CHICAGO, Sept. 25, 2013 /PRNewswire/ -- The number of U.S. workers dependent on their next pay day to make ends meet continues its decline from the height of the financial crisis, according to an annual CareerBuilder survey. Thirty-six percent of workers report that they always or usually live paycheck to paycheck, a recession-era low down from its peak of 46 percent in 2008. In 2012, 40 percent of workers reported they always or usually live paycheck to paycheck.
The nationwide survey, conducted online by Harris Interactive © from May 14 to June 5, 20l3, among a representative sample of nearly 3,000 full-time, private sector U.S. workers, found that 24 percent of workers never live paycheck to paycheck, while 40 percent state they sometimes do. Eighty-two percent of workers were able to make ends meet every month in the last year, an increase of two percentage points from 2012.
One-in-five workers have missed payments in the past year, with 16 percent reporting they have missed payments on smaller bills and four percent indicating they missed payments on mortgages or other large financial obligations.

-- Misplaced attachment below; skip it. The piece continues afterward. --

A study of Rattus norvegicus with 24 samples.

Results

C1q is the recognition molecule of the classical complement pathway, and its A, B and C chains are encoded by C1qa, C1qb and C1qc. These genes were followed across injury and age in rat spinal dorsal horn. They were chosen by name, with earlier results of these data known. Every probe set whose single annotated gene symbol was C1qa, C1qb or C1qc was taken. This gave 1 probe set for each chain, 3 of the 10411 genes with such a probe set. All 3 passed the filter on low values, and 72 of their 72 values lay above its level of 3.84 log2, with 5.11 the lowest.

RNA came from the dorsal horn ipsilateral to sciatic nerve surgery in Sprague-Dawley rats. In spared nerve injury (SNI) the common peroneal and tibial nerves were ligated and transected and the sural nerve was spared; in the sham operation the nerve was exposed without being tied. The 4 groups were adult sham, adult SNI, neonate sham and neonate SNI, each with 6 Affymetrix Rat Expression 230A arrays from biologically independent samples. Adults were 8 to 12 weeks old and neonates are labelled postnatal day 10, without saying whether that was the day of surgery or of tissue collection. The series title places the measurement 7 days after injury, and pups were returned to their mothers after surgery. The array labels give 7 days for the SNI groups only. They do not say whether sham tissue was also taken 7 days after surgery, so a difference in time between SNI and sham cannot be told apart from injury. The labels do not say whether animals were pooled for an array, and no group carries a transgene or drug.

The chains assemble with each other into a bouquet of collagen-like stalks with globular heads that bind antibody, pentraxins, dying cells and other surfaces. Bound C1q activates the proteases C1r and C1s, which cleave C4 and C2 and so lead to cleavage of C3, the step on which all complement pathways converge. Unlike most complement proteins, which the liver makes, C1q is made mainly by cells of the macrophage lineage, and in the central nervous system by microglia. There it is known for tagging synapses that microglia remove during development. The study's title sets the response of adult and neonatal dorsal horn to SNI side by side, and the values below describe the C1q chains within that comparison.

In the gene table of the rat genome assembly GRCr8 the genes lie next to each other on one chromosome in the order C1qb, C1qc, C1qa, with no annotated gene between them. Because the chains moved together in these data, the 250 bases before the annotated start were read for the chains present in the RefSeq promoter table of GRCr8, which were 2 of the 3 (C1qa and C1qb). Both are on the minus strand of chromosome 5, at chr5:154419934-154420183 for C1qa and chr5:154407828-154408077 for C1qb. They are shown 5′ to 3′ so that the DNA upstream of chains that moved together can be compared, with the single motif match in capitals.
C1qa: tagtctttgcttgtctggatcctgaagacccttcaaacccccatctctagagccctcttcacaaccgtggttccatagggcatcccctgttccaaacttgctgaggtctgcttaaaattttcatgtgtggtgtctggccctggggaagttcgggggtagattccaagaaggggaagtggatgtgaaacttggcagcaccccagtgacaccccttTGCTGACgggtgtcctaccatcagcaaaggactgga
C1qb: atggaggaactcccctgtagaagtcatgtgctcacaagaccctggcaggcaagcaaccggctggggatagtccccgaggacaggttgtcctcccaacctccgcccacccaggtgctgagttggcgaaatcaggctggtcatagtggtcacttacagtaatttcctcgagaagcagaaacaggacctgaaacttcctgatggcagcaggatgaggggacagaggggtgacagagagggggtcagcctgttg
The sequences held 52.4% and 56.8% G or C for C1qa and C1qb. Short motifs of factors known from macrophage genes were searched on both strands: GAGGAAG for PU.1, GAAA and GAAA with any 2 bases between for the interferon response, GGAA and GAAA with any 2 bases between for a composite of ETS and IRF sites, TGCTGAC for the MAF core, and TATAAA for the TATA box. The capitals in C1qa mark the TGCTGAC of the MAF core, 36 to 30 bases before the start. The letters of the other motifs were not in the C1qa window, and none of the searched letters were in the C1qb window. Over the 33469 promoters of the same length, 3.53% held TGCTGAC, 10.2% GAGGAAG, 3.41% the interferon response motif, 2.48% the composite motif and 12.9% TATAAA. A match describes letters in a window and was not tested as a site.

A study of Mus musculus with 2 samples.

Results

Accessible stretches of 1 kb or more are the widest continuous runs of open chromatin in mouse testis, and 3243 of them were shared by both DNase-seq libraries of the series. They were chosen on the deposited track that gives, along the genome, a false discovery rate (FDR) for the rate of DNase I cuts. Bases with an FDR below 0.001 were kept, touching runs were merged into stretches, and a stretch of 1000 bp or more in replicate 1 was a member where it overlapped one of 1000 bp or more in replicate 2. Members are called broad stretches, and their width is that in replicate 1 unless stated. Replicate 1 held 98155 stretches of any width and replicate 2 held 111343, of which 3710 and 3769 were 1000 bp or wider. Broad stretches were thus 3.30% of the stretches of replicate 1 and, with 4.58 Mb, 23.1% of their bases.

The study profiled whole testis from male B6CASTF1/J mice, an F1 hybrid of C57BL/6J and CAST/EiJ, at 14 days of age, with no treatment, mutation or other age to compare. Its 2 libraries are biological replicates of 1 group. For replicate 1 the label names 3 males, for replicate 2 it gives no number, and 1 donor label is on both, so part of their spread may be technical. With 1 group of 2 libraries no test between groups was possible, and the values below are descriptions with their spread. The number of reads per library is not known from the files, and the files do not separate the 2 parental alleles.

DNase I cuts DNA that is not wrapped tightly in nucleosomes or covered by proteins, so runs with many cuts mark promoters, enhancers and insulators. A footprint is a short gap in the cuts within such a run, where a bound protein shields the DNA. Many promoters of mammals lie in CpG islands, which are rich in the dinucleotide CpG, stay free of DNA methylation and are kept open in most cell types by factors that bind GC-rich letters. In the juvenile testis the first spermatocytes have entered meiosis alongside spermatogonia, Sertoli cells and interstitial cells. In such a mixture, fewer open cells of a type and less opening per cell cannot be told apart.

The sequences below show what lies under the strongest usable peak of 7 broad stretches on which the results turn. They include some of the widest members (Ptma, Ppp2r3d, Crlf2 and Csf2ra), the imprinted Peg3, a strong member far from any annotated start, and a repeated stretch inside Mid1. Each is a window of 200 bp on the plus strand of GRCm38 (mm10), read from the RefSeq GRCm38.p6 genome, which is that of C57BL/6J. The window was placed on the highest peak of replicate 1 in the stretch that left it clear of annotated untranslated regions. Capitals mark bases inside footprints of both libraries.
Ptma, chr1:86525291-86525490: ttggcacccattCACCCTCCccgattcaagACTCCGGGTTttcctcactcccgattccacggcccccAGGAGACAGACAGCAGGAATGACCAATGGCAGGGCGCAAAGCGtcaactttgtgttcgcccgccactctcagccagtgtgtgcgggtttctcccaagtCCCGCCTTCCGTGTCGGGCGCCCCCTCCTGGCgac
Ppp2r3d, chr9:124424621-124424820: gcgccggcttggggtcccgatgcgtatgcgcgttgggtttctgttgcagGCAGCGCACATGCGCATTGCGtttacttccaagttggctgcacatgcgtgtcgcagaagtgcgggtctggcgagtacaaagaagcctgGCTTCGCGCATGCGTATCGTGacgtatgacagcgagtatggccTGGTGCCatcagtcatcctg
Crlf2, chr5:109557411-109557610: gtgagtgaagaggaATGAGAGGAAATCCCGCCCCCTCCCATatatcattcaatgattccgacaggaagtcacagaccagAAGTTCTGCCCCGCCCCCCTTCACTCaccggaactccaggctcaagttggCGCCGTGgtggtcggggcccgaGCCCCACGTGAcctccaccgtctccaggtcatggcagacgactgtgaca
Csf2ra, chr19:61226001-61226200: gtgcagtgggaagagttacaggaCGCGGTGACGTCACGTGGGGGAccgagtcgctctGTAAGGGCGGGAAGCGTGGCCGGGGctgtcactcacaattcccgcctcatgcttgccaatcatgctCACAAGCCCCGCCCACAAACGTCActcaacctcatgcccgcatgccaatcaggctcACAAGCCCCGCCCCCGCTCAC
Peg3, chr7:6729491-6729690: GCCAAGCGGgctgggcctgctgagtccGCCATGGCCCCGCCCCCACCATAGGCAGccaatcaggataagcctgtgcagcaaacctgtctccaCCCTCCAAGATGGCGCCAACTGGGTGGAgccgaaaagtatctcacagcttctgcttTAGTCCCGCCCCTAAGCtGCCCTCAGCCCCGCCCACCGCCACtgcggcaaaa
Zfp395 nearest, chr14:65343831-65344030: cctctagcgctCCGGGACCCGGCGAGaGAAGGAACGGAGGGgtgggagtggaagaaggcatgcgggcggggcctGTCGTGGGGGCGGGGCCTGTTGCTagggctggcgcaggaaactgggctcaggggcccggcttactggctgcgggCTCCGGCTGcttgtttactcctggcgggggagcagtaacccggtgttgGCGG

"The financial situation for many households remains a struggle, but year-after-year fewer workers report living paycheck to paycheck -- a sign that job security and spending power may be on the rise as the labor market continues to improve," said Rosemary Haefner, vice president of human resources at CareerBuilder. "More workers are saving their earnings on a monthly basis than last year, and 70 percent feel they are more fiscally responsible post-recession. As more workers join the ranks of the gainfully employed, we expect these positive trends to continue."Savings and RetirementA quarter (25 percent) of workers does not set aside anything for savings each month, an improvement over 27 percent last year. Thirty-one percent save more than $250 and 10 percent save more than $1,000 per month. Sixty-five percent participate in a 401(k), IRA, or other comparable retirement plan, down from 67 percent last year. However, fewer workers have had to reduce their contributions to retirement plans or personal savings -- 17 percent in 2013, compared to 20 percent in 2012.